Illinois Gov. J.B. Pritzker tried to convince business groups Wednesday to accept his graduated income tax plan.
The governor criticized the former administration for leaving the state in what he called a “dire fiscal situation”.
“After years of neglect, Illinois is finally getting its mojo back and we’re open for business,” he told a room full of business leaders from the Illinois Manufacturer’s Association and the Illinois Retail Merchants Association in Springfield.
Pritzker said his graduated income tax idea is the best solution to dig the state out of a $3.2 billion structural deficit. “There are people here, I know, who disagree with me about this proposal, and that’s in our democracy. But to be clear, doing nothing is not an option.”
Business leaders say they are concerned the idea could hurt their businesses. They point to the recent statewide minimum wage increase to $15 an hour as another example they fear will hurt their bottom line. Even when the groups pushed against a statewide increase and offered alternate ways to approach a minimum wage hike, Democrats in the General Assembly moved through with a vote. The governor signed the proposal into law in February.
Pritzker said, in turn, he has plans to support businesses in other policy areas where they can all find some common ground.
“When it comes down to it, there are more things that unite us, than divide us.”
Pritzker is proposing to grow jobs and the economy by investing in workforce development through vocational training. He also emphasized the need for a strong infrastructure program, with the revenue needed to help businesses grow.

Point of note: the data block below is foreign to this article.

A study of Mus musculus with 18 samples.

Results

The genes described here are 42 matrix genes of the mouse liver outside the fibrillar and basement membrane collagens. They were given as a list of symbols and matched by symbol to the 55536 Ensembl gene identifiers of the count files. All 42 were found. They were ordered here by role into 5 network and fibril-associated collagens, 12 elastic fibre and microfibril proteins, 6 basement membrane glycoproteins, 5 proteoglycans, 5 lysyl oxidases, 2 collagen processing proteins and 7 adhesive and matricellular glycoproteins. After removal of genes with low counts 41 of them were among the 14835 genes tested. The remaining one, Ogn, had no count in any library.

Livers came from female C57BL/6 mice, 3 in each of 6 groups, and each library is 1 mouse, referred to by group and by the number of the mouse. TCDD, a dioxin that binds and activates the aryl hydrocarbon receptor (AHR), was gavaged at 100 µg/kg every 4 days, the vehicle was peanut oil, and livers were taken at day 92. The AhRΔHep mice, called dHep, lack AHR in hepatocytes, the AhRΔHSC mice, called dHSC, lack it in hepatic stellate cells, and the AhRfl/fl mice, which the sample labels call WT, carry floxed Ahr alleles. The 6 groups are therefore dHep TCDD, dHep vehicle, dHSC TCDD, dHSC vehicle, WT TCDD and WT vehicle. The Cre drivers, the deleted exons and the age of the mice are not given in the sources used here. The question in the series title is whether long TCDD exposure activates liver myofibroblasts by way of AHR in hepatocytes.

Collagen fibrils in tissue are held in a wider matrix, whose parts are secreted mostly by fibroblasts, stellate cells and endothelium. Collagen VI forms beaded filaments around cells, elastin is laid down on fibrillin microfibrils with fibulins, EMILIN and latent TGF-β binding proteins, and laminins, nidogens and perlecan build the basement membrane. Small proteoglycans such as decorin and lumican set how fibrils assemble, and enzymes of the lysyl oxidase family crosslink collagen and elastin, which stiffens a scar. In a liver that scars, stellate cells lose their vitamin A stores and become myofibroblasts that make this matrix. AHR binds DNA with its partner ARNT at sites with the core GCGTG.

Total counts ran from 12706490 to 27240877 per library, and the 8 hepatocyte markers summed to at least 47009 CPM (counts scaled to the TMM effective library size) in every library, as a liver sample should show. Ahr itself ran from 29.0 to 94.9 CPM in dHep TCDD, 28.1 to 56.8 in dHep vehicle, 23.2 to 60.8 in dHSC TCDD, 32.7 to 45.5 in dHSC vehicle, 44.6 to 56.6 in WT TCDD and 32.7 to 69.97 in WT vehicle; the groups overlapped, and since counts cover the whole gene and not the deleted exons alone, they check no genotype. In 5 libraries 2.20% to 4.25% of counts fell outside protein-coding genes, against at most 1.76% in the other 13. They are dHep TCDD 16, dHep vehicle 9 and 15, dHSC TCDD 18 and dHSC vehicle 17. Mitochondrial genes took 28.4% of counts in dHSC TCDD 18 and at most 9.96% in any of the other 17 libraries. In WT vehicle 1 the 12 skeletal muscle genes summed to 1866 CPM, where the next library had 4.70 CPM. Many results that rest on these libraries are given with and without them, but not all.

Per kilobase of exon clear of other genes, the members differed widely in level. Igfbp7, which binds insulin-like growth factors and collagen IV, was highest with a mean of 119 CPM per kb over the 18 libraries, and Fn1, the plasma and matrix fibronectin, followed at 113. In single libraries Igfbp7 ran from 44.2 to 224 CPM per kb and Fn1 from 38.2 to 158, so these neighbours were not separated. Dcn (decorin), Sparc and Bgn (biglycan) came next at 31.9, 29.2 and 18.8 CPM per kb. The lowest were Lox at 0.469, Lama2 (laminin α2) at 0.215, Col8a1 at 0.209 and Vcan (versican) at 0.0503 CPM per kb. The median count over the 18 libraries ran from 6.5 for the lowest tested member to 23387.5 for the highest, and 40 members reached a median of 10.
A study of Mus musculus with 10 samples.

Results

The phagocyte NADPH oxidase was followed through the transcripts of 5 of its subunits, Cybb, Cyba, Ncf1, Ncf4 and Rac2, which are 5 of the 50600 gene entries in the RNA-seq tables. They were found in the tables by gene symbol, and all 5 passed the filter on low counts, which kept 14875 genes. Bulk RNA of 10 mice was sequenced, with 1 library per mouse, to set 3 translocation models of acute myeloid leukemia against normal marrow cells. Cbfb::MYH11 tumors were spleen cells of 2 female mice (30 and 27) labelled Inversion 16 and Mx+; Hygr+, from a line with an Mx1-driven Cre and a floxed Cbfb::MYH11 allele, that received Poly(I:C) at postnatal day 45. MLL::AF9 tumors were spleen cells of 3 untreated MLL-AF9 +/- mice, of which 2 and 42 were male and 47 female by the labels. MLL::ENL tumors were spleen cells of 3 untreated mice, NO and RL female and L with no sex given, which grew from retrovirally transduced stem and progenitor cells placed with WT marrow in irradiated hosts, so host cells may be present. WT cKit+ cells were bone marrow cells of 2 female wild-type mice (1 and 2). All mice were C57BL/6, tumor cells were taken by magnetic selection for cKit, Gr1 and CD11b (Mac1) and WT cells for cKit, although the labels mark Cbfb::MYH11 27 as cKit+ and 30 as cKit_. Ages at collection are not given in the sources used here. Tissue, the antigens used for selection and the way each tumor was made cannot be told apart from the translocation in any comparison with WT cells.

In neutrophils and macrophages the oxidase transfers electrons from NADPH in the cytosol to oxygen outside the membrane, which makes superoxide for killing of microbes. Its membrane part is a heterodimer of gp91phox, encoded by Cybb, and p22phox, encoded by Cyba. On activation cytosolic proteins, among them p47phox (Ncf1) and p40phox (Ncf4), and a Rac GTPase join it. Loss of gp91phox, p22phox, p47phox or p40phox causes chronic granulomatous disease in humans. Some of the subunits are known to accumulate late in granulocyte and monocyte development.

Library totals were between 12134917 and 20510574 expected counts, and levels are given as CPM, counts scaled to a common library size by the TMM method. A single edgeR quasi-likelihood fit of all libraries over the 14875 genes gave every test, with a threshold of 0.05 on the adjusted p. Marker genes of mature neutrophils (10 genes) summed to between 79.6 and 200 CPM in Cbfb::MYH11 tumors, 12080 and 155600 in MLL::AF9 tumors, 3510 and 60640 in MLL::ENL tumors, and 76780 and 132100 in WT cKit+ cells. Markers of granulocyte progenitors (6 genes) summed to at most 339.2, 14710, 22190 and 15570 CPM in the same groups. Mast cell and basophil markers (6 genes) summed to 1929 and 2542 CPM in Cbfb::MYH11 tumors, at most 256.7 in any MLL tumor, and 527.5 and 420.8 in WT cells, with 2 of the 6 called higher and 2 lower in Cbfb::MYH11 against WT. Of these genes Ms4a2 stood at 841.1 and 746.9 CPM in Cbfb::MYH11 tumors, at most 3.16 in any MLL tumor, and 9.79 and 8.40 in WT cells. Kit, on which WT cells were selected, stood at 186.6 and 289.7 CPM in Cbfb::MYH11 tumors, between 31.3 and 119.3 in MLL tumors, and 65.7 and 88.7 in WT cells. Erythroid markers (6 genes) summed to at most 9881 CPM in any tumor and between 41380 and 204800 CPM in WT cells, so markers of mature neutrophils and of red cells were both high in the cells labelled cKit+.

Despite disagreeing on certain issues, Rob Karr, president and CEO of the Illinois Retail Merchants Association, said he welcomes the communication with Pritzker —something that wasn’t readily available with the previous administration.
“There are clear policy objectives that they [Pritzker’s administration] want to accomplish that we’re just simply not going to agree on – the graduated income tax being one of those. But there are other issues being discussed where we are clearly heard and listened to,” he said.
The same day business leaders met and heard from Pritzker, Senate Democrats moved to approve a proposed constitutional amendment that would get rid of the state’s current flat tax and change it to a graduated one. If the House approves the same amendment, with a three-fifths majority vote, voters will decide if the change is permanent in the 2020 elections.
Mark Denzler, president and CEO of the Illinois Manufacturer’s Association said the vote is not a solution to the problems Pritzker highlighted in his remarks.
“This vote is yet another sign that Illinois politicians are more concerned with increased spending rather than meaningful solutions to curtail costs, address growing property taxes, tackle ballooning pension debt and adopt reforms that make it easier for businesses to create jobs,” he said in a statement.
“If enacted, Illinois will have the dubious distinction of having the highest sales tax rate in the nation, the second highest property taxes, and the third highest income tax rate.”